Drones are increasingly being used by criminals across the country, and local law enforcement agencies are often powerless to stop them.

An otherwise peaceful suburban neighborhood in Washington Township, Pa., began experiencing a series of explosions this past spring and summer. Homemade bombs were blowing up in front yards. Nails were raining down from the sky. Windows were left riddled with marks, as if they had been shot at.

For a while, the police were mystified. They could find no clues to the identity of the bomber, and they were confused about how the perpetrator could leave no footprints, tire tracks or DNA behind.

Only after a resident’s security camera caught a glimpse of what was going on did they crack the case. The perpetrator, it turns out, was a drone, one that the authorities say was controlled by a man who is now behind bars, accused of serious felonies.

Drones pose novel and difficult problems for law enforcement. They are widely available, lightly regulated and can be flown remotely by an operator far away from the crime scene. They have already been put to a host of nefarious uses, from smuggling contraband into prisons to swarming F.B.I. agents who were preparing for a raid. And local and state authorities are restricted by federal law from intercepting drones in flight, potentially even when a crime is in progress, though experts say that has yet to be tested in court.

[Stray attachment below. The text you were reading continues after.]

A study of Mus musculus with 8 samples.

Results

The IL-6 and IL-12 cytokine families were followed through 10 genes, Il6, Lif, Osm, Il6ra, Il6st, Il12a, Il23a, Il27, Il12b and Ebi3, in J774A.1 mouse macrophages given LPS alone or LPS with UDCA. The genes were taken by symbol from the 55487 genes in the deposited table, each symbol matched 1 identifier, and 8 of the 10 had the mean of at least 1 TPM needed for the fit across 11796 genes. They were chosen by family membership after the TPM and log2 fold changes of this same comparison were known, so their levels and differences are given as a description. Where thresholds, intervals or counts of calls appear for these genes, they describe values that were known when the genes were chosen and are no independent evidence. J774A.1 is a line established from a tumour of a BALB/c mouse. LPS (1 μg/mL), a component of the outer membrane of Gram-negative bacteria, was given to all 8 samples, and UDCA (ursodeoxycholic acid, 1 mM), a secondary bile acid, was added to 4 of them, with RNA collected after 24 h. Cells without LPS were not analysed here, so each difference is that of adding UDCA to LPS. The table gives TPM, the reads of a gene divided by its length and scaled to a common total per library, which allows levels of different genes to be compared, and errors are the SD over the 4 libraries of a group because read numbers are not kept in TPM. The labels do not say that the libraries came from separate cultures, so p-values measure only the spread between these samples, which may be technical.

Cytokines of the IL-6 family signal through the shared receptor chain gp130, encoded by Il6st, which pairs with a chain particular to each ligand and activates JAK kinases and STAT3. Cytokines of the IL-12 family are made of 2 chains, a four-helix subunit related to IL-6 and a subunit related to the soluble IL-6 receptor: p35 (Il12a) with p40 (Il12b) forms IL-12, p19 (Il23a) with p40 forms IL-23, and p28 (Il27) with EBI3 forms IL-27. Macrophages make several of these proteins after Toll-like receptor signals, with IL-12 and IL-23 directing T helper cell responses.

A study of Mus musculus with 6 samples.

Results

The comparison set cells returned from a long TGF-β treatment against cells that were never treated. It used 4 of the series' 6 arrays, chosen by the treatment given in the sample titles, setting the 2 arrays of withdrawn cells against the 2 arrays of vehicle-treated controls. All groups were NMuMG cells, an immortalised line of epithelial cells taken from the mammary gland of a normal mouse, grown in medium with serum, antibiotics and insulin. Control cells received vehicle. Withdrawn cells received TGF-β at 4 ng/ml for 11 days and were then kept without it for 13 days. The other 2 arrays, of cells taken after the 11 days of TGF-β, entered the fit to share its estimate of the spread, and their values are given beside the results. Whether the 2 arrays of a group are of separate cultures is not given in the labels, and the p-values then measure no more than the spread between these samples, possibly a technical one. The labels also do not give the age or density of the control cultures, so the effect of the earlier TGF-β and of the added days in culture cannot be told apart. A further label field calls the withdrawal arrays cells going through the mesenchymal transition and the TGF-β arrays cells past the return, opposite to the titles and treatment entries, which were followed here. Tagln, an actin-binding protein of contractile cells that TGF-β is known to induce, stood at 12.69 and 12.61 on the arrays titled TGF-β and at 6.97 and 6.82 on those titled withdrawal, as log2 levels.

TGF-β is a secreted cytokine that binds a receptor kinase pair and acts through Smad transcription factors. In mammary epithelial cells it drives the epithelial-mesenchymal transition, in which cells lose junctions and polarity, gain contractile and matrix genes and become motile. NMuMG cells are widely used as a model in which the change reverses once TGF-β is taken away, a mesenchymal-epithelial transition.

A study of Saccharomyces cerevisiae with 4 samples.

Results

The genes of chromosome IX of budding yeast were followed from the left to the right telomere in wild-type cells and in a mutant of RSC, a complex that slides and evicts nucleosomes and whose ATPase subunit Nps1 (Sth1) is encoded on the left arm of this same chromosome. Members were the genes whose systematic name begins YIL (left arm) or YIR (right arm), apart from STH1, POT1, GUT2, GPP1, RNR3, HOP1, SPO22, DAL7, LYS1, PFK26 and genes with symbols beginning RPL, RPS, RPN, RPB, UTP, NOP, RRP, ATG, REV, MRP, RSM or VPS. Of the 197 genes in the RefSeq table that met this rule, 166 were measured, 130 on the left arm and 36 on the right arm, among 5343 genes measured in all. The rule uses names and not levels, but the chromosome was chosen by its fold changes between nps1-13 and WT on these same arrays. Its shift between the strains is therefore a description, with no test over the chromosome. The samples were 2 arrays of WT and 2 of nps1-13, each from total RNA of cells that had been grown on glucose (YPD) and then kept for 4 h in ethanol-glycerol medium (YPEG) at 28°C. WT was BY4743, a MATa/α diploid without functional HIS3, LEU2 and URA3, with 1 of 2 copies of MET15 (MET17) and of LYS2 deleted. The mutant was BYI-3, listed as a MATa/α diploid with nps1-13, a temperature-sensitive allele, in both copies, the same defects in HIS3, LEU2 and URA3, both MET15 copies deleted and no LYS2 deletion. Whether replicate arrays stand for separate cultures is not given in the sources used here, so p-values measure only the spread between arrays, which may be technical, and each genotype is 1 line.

“The use of drones by criminal groups is appealing in part because drones are harder to catch,” said Arthur Holland Michel, co-director of the Center for the Study of the Drone at Bard College. “They create all kinds of headaches for law enforcement.”

In the Pennsylvania case, the authorities arrested Jason Muzzicato, 43, who is accused of dropping homemade bombs onto his ex-girlfriend’s property. He has been indicted on charges related to making explosives and possessing firearms, but the only charge concerning his delivery method has been unlawful operation of an unregistered drone. He is scheduled to appear in court Dec. 9.